I got bit by the knitting bug again, and I spent a quiet weekend at work rabidly devouring new patterns and techniques on Ravelry and other sites. I tracked down a sweater pattern that I was in love with that I had seen sometime in 2005 when Pat and I were first dating (I should have known then he was a keeper: he asked me if I wanted to go poke around at a yarn store by his house and then watched amusedly as I flitted around for two hours, and he even bought me a book!).
I’m beginning to develop an eye for knitted patterns. I’ve got a pretty good eye for fabric patterns. I can look at one and tell in a heartbeat if it’s going to work or not, or if there’s something I want to change, if it would be easy or hard to change. But knitted patterns? Up ’til now I would look at a pattern and be drawn in by the artful photography, or a lively model, or a pretty color. Sure, there were designs that I liked, but I didn’t have a feel for shape and substance. Looking at patterns for a few days has made me think in terms of what I know about other patters–drape and fit, balance, alterability. That sweater pattern that I loved? it’s terrible. Downright hideous. And the directions aren’t quite accurate. What I was actually remembering was all the *changes* I would make to that sweater to come up with something really pretty. It might be a terrible pattern, but the adaptability is off the scale, and even though I’ve never knit a sweater before, I am confident that I could easily adapt this one.
After work on Sunday I stopped by The Yarn Branch because I was itching to get my hands on some wool. I had been through my stash, but I have a lot of novelty and acrylic, and I just wanted to sink my hands into skeins of lofty wool, finger smooth strands of sock wool, and just take in the colors and sights and smells.
Ostensibly I was there to check and see if they had larger double pointed wooden needles (they did! hooray!) so that I can try to re-work the Jayne Hat. I am happy with the colors and shape, but I am not thrilled with the gauge. I’m thinking that I should go up from size 10 needles and two strands to size 13 needles and three strands. I think it’ll make all the difference. It’ll take less time to knit too, and that’s always a bonus. I still wish I could have found a single-ply in the right colors, but until I’m dyeing my own, what I’ve found is cheap and easy until I do.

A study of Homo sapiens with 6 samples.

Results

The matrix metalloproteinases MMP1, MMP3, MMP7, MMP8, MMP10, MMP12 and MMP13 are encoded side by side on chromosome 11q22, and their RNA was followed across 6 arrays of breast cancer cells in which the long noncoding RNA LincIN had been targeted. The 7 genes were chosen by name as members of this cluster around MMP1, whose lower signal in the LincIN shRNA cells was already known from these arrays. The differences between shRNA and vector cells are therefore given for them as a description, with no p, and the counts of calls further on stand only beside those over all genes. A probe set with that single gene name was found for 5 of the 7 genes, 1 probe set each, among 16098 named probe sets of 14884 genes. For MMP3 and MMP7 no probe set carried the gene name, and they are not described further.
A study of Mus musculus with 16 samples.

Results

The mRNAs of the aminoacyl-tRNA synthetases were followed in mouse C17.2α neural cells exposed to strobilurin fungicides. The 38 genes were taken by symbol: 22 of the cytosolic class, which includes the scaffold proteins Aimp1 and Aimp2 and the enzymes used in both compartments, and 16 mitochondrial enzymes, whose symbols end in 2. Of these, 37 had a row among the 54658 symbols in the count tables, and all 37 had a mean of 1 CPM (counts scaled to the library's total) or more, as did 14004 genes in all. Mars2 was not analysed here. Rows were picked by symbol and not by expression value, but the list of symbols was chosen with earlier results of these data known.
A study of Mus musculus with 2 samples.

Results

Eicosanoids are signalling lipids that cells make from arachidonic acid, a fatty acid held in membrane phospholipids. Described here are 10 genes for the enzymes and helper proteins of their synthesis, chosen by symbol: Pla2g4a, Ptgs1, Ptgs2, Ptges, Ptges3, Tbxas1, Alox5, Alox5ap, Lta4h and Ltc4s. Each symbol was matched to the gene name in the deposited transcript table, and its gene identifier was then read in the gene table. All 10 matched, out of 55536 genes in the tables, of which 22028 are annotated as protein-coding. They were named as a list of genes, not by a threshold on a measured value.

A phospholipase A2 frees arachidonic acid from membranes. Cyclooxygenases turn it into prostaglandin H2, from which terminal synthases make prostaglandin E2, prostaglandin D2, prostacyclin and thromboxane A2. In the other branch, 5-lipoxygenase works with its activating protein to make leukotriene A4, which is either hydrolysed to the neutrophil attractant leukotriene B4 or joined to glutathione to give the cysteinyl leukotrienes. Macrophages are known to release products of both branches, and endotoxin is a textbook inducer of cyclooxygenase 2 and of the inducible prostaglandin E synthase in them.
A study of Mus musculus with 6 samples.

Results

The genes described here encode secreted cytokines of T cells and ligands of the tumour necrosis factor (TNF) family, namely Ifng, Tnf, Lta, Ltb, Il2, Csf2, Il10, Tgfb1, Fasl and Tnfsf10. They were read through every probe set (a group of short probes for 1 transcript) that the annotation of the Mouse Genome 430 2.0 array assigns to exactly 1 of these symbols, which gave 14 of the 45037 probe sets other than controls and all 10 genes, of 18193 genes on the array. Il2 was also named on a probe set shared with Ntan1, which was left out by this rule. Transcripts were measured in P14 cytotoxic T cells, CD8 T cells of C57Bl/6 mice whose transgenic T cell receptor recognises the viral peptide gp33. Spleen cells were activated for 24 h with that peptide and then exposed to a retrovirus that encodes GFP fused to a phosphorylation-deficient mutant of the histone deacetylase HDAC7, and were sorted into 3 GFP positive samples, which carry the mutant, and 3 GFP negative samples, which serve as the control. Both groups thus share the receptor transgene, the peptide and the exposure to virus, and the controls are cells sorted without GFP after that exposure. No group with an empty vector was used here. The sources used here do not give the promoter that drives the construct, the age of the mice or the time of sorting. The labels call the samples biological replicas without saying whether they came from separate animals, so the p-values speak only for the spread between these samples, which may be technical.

What I ended up leaving the store with was three skeins of yarn to make Lyra’s hat from The Golden Compass movie. I found a pattern that I liked on Ravelry by Froggie Meanie, and I decided to give it a whirl. I thought this hat would be fun in my Landscapes wool by Lion, but I wasn’t entirely sure if I wanted to use it, so I bought $40 of yarn to test the pattern. You have to understand that I got the Landscapes for perhaps $3 a skein, and I’ve got 4 skeins. $40 to save $12 of yarn that I wasn’t sure if I wanted to use? Only me.
On the upside, the yarn that I got is fantastic. The pattern called for 2 strands of super bulky or 6 strands of worsted, so I needed enough yarn to make up this thickness. I used 1 strand of Misti Alpaca Chunky, two strands of Himalayas, and 1 Strand of Castello to achieve an appropriate thickness. The effect is nice. The Misti Alpaca gives softness and loft. The Himalayas is a little rough, and I wasn’t aware that the twist variations were extremely regular between super huge and super small. The effect when knitted was a spectacularly colorful tweed that I’m very happy with, but I won’t be using this yarn by itself anytime soon. I chose the Castello because the colors mirrored the Himalaya perfectly, plus it has a ribbon of gold in the mix. The effect was exactly what I was looking for: just a tiny hint of sparkle mixed within the colors of the hat.
Which was a bitch to get right. I knit up Froggie Meanie’s hat as directed with the alternate bind-off, but I suspect my gauge was too tight, and the hat came out small in both directions. I frogged it and started over with 36 stitches instead of 32 and a promise to myself for a too-loose gauge. I probably should have gone up to size 20 needles for what I wanted, but I don’t have any. I’m sure I added a number of rows as well because I wanted this hat to sit deep and low. I used the remainder of the yarn for the twisted ties, attaching them differently than suggested but in a way that makes them look like extensions of the curl around the face. My ties are much thicker than those I’ve seen.
I’ll make Patrick look for my camera cable soon, so that I can get pictures up.
I adore this hat, and I haven’t taken it off since I finished inspecting it in the mirror. I can’t wait to try another hat in the handpainted Misti Alpaca. It’s 100% baby alpaca and it’s incredibly soft Unfortunately it’ll have to wait, as I need two skeins at $25 a skein, aack! It’ll be worth it, though. That should be the softest hat I’ve ever owned.
It was a worthwhile experiment. I decided that I’d rather use the Landscapes in either a cloche hat or a banded hat with an over sized button. But we’ll see.